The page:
Compression Wood progress report - 1st June 2002 to 31st May 2003

Results and milestones

After 24 months the Compression Wood project has completed the majority of work in a number of areas:

  • Almost all fieldwork has been completed - measurements in one remaining Norway spruce stand will be completed by July 2003 and industrial trees in two Scots pine stands will be harvested in November 2003.
  • Classification systems for the identification of compression wood in discs have been drawn up and initial validation completed.
  • Protocols for field, disc exchange, laboratory and industrial measurements have been drawn up and agreed by partners.

Each partner has put the measurements from all the completed field sites into Access or Excel databases with standardised formats. The co-ordinator is now compiling all these databases into a central database, which will be completed early in the final reporting period. The vast majority of samples from the field sites have been prepared and measured and are in the process of being analysed.

A key outcome of the 2nd year has been agreement on the disc exchange protocol. All the intercomparison discs have been obtained, prepared and sent to the relevant partner for detailed examination. All partners involved in disc analysis have decided on their analysis system and completed initial validation. Over 5000 samples have already been classified and the remainder will be completed early in the next reporting period.

Detailed laboratory analysis has been undertaken of compression wood ultrastructure using the most up-to-date laboratory techniques such as:

Preliminary analysis has also been completed on the relationship between different mechanical properties and compression wood classification (PDF-528K). This has found that MOE tends to be lower in samples containing compression wood and that the relationship between density and MOE is weaker than in normal wood.

A large amount of industrial processing has been carried out. All sawlogs have been measured according to the agreed protocol. The majority of logs processed have been scanned either by 3-D scanners (PDF-563K) or CT scanning devices. These scanning techniques together with eigenfrequency measurements have been tested as methods for pre-sorting logs according to their compression wood content. Similar pre-sorting strategies have been undertaken with sawn timber by measuring their MOE using resonance vibration, stress wave and static bending. Distortion measurements have been made on sawn material following kiln drying and a number of different drying techniques studied to minimise the impact of compression wood. Post sawmill processing of wood containing compression wood has been conducted in planing trials and its use in window frames and re-engineered laminated timber evaluated.

Modelling work is progressing actively. Prototype models (PDF-220K) predicting the incidence and distribution of compression wood in relation to stem and log shape have been developed. Existing simulation models for predicting timber quality, growth and stand yield have been modified to reflect the impact of compression wood.

Benefits and beneficiaries

This project has enabled an extremely wide area of expertise and techniques to be brought to bear on the impact of compression wood on sawn timber in Europe. By working at all stages of the forest-wood chain from the impact of management to the use of sawn timber it will be possible to identify techniques and solutions for mitigating the impact of compression wood at the most appropriate stages of the whole process. It also enables people from each part of the forest-wood chain to gain a better understanding of the impact of compression wood at every stage of the industry.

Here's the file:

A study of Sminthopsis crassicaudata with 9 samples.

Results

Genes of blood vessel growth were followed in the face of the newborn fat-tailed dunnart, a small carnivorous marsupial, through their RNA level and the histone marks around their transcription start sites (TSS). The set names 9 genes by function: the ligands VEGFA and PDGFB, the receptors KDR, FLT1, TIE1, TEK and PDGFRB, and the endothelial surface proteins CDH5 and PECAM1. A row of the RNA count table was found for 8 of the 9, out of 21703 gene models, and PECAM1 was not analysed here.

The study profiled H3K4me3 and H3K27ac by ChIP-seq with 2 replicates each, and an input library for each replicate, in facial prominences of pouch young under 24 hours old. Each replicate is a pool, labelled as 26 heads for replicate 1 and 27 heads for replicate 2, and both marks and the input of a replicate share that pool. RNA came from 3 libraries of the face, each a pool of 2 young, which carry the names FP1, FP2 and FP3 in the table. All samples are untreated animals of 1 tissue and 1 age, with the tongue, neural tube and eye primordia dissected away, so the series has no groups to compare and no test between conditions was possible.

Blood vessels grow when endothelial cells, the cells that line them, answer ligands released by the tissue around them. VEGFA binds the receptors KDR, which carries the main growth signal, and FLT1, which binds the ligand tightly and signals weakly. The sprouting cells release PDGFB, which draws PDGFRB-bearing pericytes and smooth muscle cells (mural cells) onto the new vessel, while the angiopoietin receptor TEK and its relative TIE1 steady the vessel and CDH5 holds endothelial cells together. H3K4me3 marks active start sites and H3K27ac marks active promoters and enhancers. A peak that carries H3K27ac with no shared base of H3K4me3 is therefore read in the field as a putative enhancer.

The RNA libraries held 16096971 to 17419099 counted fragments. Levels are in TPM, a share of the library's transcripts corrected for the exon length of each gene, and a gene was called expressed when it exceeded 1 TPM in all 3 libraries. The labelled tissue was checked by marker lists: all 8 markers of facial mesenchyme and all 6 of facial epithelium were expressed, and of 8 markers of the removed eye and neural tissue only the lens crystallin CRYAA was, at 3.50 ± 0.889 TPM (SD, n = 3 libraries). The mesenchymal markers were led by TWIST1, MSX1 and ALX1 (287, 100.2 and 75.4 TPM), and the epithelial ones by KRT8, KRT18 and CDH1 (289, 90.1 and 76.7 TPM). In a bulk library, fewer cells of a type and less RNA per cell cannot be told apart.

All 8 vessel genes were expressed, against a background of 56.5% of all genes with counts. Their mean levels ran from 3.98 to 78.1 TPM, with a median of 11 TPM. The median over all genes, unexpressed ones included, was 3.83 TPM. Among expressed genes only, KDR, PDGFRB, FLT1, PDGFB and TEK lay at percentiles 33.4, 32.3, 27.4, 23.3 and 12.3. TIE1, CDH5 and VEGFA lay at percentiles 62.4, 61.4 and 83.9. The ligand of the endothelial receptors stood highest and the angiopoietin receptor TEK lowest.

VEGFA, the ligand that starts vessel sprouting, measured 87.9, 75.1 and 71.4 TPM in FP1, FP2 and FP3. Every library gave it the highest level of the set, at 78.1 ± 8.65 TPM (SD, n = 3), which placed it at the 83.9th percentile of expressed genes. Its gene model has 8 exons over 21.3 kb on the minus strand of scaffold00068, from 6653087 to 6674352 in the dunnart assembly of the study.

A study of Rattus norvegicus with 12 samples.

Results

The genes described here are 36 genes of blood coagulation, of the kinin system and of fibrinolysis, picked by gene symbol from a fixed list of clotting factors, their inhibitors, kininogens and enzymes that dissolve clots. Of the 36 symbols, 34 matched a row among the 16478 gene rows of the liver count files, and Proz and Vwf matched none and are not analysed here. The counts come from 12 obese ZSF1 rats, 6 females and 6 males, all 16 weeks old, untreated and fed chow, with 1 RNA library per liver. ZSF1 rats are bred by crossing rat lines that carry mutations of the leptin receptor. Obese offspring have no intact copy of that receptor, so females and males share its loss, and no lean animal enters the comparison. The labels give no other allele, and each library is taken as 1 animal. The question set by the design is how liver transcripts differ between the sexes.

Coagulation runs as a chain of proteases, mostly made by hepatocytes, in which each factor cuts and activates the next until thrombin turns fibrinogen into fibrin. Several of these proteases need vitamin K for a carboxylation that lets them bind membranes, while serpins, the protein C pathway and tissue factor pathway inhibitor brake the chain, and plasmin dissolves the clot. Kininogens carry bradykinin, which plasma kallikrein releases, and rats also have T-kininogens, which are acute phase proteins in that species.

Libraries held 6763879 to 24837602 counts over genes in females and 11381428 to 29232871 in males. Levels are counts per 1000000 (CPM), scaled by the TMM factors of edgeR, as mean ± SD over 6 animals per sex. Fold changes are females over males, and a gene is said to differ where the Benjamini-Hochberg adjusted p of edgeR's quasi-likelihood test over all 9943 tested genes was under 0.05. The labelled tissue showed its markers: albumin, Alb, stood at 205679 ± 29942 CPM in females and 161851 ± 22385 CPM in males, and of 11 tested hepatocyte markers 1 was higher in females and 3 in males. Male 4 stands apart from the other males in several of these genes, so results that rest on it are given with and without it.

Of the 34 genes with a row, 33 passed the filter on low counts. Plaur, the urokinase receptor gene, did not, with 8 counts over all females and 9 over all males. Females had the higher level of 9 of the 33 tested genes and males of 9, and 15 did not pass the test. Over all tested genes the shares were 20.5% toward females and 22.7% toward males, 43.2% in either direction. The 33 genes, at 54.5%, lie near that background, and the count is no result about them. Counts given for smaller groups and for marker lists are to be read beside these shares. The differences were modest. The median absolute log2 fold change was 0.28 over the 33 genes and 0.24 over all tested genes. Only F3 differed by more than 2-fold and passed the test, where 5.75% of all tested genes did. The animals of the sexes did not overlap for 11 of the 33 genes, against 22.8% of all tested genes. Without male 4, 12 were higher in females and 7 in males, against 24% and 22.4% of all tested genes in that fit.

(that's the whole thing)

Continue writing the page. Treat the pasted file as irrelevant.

A major component of the project is the active dissemination of knowledge to all parts of the industry. This is being undertaken in a number of ways including:

  • Making information and findings available on these web pages
  • Making presentations at industrial forums, scientific meetings, industry liaison groups
  • Publishing articles in trade and scientific journals.

A key element of the industrial liaison has been the dissemination and analysis of a questionnaire (PDF-142K) to industry in a number of the participating countries.

It is clear that the dissemination of information particularly following completion of the project will need to be carried out not only at the European scale but individually within the participating countries. Differences in the nature and structure of the forest and wood processing industries in each country, together with differences in comprehension of the impact of compression wood, will require different approaches to be adopted.

The main beneficiaries of the results and findings of the project will be the European softwood industry. Improvements in management and processing will be possible to minimise the impact of compression wood, to optimise utilisation and to improve financial return.

Future actions

The first part of the final reporting period will be involved in completing a number of outstanding tasks such as the completion of all field work and putting all basic stand and tree data into a centralised database. At the same time laboratory and industrial processing and testing will be completed and the results collated into centralised databases. A major effort will be made in the completion of the modelling element of the project. Such models allow different silvicultural and processing strategies to be tested and will help guide best practice.

Finally, the dissemination of information will take on heightened importance as different aspects of the project are concluded. A key outcome of the next year will be the drawing up of a Technology Implementation Plan detailing how the outcomes of the project will be communicated to the scientific community and the European forestry-wood chain.